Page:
Manhattan Gen. David Petraeus said Monday that a comprehensive approach is required to win the war in Afghanistan, with support from NATO and Pakistan.
In an interview with The Associated Press before delivering a lecture at Kansas State University, the head of the U.S. Central Command said insurgents and the Taliban have been able to regroup and find safe havens, including the tribal areas along the Afghan border with Pakistan.
“The enemy is resilient and as is the case has sanctuary across the border and is able to reconstitute itself,” Petraeus said.
He said it would take a comprehensive approach outlined by President Barack Obama, along with coalition partners and Pakistan, to regain territory controlled by the Taliban.
Petraeus said it is critical to get the Pakistan military to focus less on preparing for conventional war against nuclear rival India and more on defeating insurgent groups. He said a major offensive under way in Pakistan’s northwest region was a start.
“The threat posed by the extremists internal in Pakistan is the most serious treat to the existence of Pakistan,” Patraeus told the audience attending his Landon Lecture. “There has to be a transformation, much like the U.S military.”
Petraeus said it will take effort to build a legitimate Afghan government and an economy that isn’t reliant on illegal narcotics. A comprehensive approach with more U.S. and international civilian authorities assisting the Afghans is necessary to build these institutions, he said.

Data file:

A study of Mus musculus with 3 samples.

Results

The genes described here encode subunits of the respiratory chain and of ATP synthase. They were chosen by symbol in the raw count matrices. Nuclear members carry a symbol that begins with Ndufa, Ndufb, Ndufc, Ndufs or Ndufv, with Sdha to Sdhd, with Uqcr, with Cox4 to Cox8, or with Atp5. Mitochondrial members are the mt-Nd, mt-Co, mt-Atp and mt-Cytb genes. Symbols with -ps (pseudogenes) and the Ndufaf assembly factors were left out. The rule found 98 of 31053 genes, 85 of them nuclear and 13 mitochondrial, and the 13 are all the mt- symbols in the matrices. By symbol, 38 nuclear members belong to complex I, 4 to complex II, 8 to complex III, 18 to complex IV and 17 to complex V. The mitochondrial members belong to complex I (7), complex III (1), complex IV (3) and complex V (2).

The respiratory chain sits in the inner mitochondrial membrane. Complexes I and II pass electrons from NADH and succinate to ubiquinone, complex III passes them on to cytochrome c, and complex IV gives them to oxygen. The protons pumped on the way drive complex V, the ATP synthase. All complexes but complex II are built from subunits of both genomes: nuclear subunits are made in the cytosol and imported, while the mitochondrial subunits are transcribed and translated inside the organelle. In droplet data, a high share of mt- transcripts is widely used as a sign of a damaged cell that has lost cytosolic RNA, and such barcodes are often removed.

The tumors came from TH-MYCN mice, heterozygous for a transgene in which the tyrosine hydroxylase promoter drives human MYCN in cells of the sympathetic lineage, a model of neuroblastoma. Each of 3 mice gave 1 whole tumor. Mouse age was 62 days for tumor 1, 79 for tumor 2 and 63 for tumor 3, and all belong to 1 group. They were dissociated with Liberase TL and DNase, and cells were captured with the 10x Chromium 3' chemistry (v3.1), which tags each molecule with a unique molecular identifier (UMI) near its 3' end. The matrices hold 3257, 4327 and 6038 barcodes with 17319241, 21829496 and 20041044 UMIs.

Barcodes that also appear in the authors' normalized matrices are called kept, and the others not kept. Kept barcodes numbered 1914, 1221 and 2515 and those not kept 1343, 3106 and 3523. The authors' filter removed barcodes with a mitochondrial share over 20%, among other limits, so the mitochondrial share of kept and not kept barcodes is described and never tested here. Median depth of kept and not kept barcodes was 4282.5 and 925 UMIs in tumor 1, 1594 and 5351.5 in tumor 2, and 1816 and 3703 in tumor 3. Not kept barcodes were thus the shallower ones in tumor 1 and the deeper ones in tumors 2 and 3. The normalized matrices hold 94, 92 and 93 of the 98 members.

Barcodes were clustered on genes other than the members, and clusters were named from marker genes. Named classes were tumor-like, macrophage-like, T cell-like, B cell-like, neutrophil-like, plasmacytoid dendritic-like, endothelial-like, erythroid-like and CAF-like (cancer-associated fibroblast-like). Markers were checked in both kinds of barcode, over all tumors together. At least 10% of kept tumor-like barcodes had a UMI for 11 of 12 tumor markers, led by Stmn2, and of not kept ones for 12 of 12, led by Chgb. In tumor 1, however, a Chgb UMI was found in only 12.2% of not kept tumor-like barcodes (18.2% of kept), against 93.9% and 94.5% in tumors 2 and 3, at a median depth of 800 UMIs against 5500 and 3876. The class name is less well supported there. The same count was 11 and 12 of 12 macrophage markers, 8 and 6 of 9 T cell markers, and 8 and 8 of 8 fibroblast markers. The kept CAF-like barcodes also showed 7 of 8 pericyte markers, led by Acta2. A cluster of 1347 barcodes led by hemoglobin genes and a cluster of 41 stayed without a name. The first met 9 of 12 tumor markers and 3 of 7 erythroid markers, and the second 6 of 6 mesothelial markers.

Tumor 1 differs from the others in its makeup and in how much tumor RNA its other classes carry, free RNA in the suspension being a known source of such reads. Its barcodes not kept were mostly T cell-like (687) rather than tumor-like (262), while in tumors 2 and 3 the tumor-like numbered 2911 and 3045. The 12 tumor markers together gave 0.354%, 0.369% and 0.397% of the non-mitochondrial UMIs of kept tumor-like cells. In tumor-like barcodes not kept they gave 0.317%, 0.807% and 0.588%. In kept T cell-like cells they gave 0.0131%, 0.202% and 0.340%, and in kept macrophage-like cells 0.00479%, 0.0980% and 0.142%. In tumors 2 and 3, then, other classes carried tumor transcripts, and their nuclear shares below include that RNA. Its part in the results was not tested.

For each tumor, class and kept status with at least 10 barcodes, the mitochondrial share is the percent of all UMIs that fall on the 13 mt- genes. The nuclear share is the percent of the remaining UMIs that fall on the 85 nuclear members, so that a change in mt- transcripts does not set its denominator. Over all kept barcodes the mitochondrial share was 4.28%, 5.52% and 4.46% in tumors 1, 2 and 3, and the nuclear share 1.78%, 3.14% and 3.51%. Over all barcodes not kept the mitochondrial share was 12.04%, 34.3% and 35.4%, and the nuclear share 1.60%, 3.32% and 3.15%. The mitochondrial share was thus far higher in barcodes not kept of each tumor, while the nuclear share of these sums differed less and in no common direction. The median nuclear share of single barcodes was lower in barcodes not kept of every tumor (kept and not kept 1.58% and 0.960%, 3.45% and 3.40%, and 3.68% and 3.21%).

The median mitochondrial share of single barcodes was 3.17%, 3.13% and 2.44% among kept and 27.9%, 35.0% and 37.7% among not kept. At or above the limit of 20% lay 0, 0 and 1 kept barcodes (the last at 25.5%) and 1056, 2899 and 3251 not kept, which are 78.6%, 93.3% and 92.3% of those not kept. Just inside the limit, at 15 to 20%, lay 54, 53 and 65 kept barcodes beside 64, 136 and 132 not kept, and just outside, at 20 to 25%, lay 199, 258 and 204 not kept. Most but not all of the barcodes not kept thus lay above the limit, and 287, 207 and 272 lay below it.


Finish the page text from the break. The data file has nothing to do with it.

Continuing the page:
“Military is not enough by itself,” he said.
The Central Command has responsibility for military operations in the Middle East, including Iraq, the Horn of Africa and Afghanistan. The U.S. has been fighting in Afghanistan since 2001 and is sending additional troops this spring and summer.
Petraeus formerly served as commander of Fort Leavenworth and the Combined Arms Center where he directed the writing of the Army’s new counterinsurgency doctrine. That manual became the guide for Petraeus during his command in Iraq of the “surge” of troops, which sought to end spiraling sectarian violence.
About 1,000 soldiers from nearby Fort Riley, many of whom took part in the surge, were in the audience of about 5,000 attending Patraeus’ speech in Bramlage Coliseum.
He said insurgent attacks in Iraq decreased from 160 a day in January 2007 to an average of 10 to 15 a day over the past five months. But as former U.S. Ambassador to Iraq Ryan Crocker said at Fort Leavenworth on Thursday, those gains in security are not guaranteed.
Petraeus said it would be wrong for Americans who’ve seen improvements in Iraq under his command in 2007 and 2008 to expect the same results in Afghanistan. And though the Iraqis are taking more responsibility for their own security, the general said there will be challenges in the future, including efforts by al-Qaida and other extremists to stage “sensational attacks” meant to undermine achievements.
“The progress is fragile and requires continued focus and continued effort,” Petraeus said.
Petraeus says it’s impossible to “just take the lessons from one situation and apply them to another as rote.” There are benchmarks already for progress in Afghanistan, but he said that additional goals will be outlined for Congress and the administration later this spring.
“In Afghanistan we are building, not rebuilding,” Petraeus said, adding that Afghanistan lacks the literacy and resources that Iraq possessed and also presents challenges with terrain and weather.